Thursday, August 23, 2012

Daily Bible Reading: Wisdom 10-11 and 1 Peter 2

Wisdom 10 – He starts here to go over the history of human beings and Wisdom’s place in that history from Adam to Moses. “The father of the world, the first being to be fashioned, created alone [unique in nature], he had her [Wisdom] for his protector and she delivered him from his fault; she gave him the strength to subjugate all things” (10:1). The Jerusalem Bible footnote explains that “she” delivered Adam through the practice of repentance and atonement.

Cain deserts Wisdom and through the evil of his descendants brought on the flood. But Wisdom saved the world again, piloting the virtuous Noah and later Abraham, Jacob, and Joseph, the “virtuous man” who was sold into slavery.

The author overlooks some of the chosen peoples’ unfaithfulness in praising them as a “holy people and a blameless race” (10:15). “She entered the soul of a servant of the Lord, and withstood fearsome kings with wonders and signs” (10:16). Israel was delivered from slavery: “she led them by a marvelous road; she herself was their shelter by day and their starlight through the night” (10:17).

Wisdom 11 – “At the hand of a holy prophet [Moses] she [Wisdom] gave their actions success. They journeyed through an unpeopled wilderness and pitched their tents in inaccessible places” (11:1-2).

And, as they passed through the desert, ‘[o]n you they called when they were thirsty, and from the rocky cliff water was given them, from hard stone their thirst was quenched” (11:4).

Egypt and Israel are compared in a number of ways: the punishing waters that afflict the Egyptians when Moses turned it into blood [and I would add the waters that inundated them when they tried to catch up to the Israelites in the exodus] vs. the saving water that flowed from the rock to the Israelites; the foolishness of Egyptian worship of “mindless reptiles and contemptible beasts” (11:15) vs the faith of the Israelites. Perhaps he spends time on the sins of the Egyptians because the author is probably living in Alexandria and he is commenting on the problems with Egyptian history.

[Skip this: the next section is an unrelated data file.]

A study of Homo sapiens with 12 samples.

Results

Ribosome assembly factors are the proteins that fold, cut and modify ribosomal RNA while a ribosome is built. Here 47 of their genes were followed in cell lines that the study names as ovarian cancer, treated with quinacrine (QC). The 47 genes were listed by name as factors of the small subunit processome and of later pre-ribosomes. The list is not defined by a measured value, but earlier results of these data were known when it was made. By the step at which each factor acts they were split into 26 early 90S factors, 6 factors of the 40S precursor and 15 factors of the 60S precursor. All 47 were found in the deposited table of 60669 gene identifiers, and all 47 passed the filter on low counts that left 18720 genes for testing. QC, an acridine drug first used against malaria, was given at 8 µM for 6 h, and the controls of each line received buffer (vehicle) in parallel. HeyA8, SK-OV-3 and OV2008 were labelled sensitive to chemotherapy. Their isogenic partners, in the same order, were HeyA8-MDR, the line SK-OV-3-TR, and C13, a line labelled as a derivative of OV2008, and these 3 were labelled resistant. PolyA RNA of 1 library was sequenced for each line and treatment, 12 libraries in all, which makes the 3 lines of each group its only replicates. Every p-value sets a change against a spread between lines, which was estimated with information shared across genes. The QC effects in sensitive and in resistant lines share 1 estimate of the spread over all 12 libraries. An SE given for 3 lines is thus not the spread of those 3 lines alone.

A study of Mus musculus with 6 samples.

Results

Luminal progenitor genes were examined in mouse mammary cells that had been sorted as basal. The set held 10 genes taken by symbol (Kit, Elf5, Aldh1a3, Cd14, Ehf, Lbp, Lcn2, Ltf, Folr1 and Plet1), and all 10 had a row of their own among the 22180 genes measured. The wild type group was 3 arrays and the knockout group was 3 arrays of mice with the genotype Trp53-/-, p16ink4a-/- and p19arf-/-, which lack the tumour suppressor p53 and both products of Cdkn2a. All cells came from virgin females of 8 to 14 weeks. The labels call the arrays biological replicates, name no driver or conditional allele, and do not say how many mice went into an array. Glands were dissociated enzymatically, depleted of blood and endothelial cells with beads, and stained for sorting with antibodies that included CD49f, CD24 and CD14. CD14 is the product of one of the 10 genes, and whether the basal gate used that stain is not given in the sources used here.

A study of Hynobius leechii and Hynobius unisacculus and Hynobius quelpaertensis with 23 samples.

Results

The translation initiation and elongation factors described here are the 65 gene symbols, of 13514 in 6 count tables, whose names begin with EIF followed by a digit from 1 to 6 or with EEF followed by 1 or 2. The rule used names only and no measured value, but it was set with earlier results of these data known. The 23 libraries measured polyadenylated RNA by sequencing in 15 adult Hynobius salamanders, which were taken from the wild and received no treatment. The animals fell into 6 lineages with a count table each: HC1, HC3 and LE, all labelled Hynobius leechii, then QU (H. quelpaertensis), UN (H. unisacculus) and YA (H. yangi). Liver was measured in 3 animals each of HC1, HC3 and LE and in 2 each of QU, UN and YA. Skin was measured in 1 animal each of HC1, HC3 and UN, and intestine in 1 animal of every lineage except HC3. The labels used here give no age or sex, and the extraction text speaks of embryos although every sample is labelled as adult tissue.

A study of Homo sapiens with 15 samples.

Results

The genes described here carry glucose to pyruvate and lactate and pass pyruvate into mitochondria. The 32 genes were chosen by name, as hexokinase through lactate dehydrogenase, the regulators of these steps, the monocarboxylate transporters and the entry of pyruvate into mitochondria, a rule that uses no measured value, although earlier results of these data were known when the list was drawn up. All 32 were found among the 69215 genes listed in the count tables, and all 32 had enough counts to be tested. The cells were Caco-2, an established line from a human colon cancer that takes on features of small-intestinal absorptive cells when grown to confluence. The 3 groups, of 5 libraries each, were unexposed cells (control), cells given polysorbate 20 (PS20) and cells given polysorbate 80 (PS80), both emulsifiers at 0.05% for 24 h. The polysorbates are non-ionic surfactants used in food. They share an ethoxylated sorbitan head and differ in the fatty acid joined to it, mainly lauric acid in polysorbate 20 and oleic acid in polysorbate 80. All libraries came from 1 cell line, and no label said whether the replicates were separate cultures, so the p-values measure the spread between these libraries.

God punishes the Egyptians, but the author seems to stress that even they might look to God for forgiveness: “Yet you are merciful to all, because you can do all things and overlook men’s sins so that they can repent. Yes, you love all that exists, you hold nothing of what you have made in abhorrence, for had you hated anything, you would not have formed it” (11:23-24). “You spare all things because all things are yours, Lord, lover of life, you whose imperishable spirit is in all” (11:26).

1 Peter 2 – How then should we behave toward one another? Do not be “spiteful, or deceitful, nor hypocritical, or envious and critical of each other” (2:1). 

Jesus is the “precious cornerstone” God has chosen to complete His holy temple. Believers are “a chosen race, a royal priesthood, a consecrated nation, a people set apart to sing the praise of God (2:9).

They are “visitors and pilgrims” (2:11) who should act honorably always so as to give testimony to those who “denounce” them now but who will someday see them as holy.

Peter tells believers that they should “accept the authority of every social institution: the emperor . . . the governors . . . commissioned by him to punish criminals and praise good citizenship” (2:14-15). They are “slaves of no one except God” (2:16) but should not use their freedom “as an excuse for wickedness. Have respect for everyone and love for our community; fear God and honor the emperor” (2:16-17).

Then come the words we find so problematic, “slaves must be respectful and obedient to their masters, not only when they are kind and gentle but also when they are unfair . . . there is some merit in putting up with the pains of unearned punishment if it is done for the sake of God but there is nothing meritorious in taking a beating patiently if you have done something wrong to deserve it” (2:19-20).

Christ should be our example. He suffered but was innocent of any wrongdoing, but he “did not retaliate with insults” (2:23); he “put his trust in the righteous judge. He was bearing our faults in his own body on the cross, so that we might die to our faults and live for holiness; through his wounds you have been healed. You had gone astray like sheep but now you have come back to the shepherd and guardian of your souls” (2:24-25).